Galaxy Video 2
nytheatre.com review by Martin Denton
September 13, 2005
Marc Morales's Galaxy Video 2 is everything that a successful sequel should be. It brings back all the eccentric characters from its source—Galaxy Video—and gives them all the quirks and foibles that we loved about them in the first place. But it's stocked with all-new situations and conflicts (okay, some of the conflicts are replays of, or reactions to, events in the original); and it's got a potent new villain ominously called "The Man." Most importantly, it stands on its own, so that if you don't know Galaxy Video, you'll still totally follow the show, and enjoy it.
It is, in short, as smart and hilarious as the first installment, yet fresh and original.
Okay, so here's the set-up, just in case you missed Galaxy Video (shame on you!) during its two New York runs (or, in published form, in NYTE's Plays and Playwrights 2003). Galaxy Video is the largest video store in the universe; so big that people often claim they can't find their way out; so big that the number of movies and aisles containing them appears to approach infinity. In the first play, we met a ragtag group of misfit employees and customers trying to cope with a typical day in the shop. Jerry was the earnest new employee, striving to do his best. Russell, his revered co-worker, was the jaded senior employee, brooding about the end of his relationship with his girlfriend Shelby, and his betrayal at the hands of former co-worker Barnaby Franklin, who stole one of Russell's story ideas and sold it to the movies. Three other employees included Shelly, who suffers from narcolepsy; A.E. (or Angry Employee), who quit "to herself" after just a few hours and went back to her restful pastimes of yoga and drawing stick-figure people; and Simon, who was (and is) just plain odd. The customers included Manny, who always wears a winter coat and thinks that Fred Berry (Rerun from TV's What's Happening) is the greatest star of them all; Marissa, a knockout from the Bronx with attitude, a cell phone, and a penchant for forgetting the names of movies and actors in the movies that she wants to rent; Erick, her boyfriend; and Jason, Jamie Lee, and Michael, three kids who love horror flicks.
They're all back for Galaxy Video 2. The store is now part of a huge chain of Galaxy Videos, a la Blockbuster, all owned by a mysterious personage known as "The Man." Jerry is now the senior employee (Russell quit); he's struggling, rather comically, with his sexual identity. Simon's still his oblivious self, and Shelly is still collapsing on the floor without notice due to her condition. She's also now Erick's girlfriend, his relationship with Marissa having ended in Galaxy Video; they seem to make a nice couple. But Marissa is back, for the store's grand re-opening, and she wants Erick back—and she doesn't care what she has to do to get him.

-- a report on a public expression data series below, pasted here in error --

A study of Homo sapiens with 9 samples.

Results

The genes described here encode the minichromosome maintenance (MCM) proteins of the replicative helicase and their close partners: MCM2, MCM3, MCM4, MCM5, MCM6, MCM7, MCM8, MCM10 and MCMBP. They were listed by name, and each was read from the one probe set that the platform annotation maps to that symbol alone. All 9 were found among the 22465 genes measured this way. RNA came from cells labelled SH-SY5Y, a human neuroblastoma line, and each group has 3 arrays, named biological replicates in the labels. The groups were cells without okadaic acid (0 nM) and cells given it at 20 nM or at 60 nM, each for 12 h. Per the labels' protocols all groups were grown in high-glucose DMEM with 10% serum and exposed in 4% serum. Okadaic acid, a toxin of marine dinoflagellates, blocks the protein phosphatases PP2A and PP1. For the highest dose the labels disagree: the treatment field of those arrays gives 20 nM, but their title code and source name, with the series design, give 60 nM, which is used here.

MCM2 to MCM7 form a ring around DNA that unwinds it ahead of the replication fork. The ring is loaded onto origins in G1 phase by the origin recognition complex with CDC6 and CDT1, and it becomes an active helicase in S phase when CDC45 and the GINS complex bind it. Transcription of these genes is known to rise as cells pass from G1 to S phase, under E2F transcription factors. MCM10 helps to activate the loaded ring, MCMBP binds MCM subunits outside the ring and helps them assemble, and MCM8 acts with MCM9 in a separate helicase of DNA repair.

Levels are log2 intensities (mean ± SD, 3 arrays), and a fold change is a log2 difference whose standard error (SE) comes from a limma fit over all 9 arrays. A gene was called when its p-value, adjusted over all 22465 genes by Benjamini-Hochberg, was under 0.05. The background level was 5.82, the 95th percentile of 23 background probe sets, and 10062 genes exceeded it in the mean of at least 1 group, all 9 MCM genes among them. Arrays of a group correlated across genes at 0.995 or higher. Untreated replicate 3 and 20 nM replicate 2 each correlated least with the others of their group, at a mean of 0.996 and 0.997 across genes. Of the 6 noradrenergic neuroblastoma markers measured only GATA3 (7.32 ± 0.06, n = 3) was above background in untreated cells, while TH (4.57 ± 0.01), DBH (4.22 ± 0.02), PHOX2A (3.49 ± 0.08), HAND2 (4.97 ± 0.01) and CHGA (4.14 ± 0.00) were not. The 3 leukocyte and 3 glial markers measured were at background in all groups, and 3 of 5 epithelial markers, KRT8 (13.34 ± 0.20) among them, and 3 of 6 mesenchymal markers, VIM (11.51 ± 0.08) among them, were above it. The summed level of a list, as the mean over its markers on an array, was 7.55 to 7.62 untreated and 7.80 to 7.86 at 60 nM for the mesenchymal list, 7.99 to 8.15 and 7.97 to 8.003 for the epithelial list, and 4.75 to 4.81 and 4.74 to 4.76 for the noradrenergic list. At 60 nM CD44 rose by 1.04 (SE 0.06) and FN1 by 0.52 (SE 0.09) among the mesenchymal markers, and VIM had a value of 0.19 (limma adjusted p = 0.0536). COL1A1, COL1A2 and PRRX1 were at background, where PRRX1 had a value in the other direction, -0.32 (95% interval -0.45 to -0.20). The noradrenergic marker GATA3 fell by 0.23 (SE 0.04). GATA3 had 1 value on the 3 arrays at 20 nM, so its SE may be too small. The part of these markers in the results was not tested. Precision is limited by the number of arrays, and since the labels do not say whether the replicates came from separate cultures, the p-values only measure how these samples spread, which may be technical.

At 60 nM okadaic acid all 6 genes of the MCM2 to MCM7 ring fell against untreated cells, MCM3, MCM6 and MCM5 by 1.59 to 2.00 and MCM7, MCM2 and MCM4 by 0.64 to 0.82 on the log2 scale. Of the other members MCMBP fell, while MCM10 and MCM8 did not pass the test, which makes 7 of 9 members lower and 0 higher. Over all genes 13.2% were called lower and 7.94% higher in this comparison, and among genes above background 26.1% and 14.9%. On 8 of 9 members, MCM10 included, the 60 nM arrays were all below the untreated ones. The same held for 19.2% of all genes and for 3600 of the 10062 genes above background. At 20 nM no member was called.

Manny, who worshipped the store employees in the first play, now has his wish—he works in the store himself. (Talk about hog heaven!) He's acquired a love interest, too: a sweet nerdy girl named Sandy who works at the nearby Starbucks, who sets off a crisis of the heart for Manny when she invites him to have "bagels for breakfast."
Jason, Jamie Lee, and Michael are back, now shooting their own film in the cavernous depths of the store. So are Barnaby Franklin, Russell (now a civilian, just looking for a copy of Fame), and Beth, a harassed customer whom Simon loves to torment by sending her to the wrong aisle.
And oh yes—A.E. is back. In a prologue, we hear her lash out at and then shoot her therapist. Soon she arrives at Galaxy Video holding a DVD box that she says contains a bomb. She's also got a gun. She says that God has instructed her to blow the place up.
Possibly even more nefariously, Simon has been put on special assignment by "The Man"—to remove certain titles from the shelves and bring them to the "secret aisle."
Oh, and one more thing: it appears that Barnaby Franklin has sold his soul to the devil.
Playwright-director Morales deftly shakes and stirs up these various ingredients and concocts a sharp, hilarious stew of a comedy. Some of the jokes and gags are brilliantly laugh-out-loud funny (like the moment when Jason, filming—Michael Moore-style—A.E.'s planned terrorist act, orders a dolly shot). And the themes addressed, though always with humor, are smart and important: stuff like institutionalized racism and the heavy pall of censorship now hanging over our country's culture.
As he did in Galaxy Video, Morales employs a pair of masked ninja characters who serve as stagehands and supernumeraries, shifting Bradd Baskin's ingenious setting this way and that to create new nooks and crannies in which the play's numerous scenes play out. Transitions are all choreographed to a slew of apropos pop/rock/rap selections; the show passes lightning-fast. The cast is engagingly committed and over-the-top: standouts include Johanna H. Clay, back on hand as Manny; Lucas Wotkowski as Michael, who quits Jason's film early in the play and winds up planning a Vegas act of film and TV impressions with Jerry; Melanie Angelina Maras, on-target as tough-but-sexy Marissa; Clay Drinko, hilarious as the whiny but egotistical budding auteur Jason; Alexandra Lemosle, adorable as the geeky Sandy; and Deondra Lyonne, who is daffily fearless as Jamie Lee.
Morales hasn't quite figured out how to end this play: after an elegantly choreographed climactic chase scene, it wasn't clear to me whether the store was supposed to have blown to smithereens or the whole story was just Jerry's bad dream. But apart from this—which will presumably be clarified—Galaxy Video 2 is a delightful and terrific successor to Morales's worthy original. There might even be more Galaxy Video tales to tell—who knows: maybe there's a TV series here, just waiting to be coaxed out.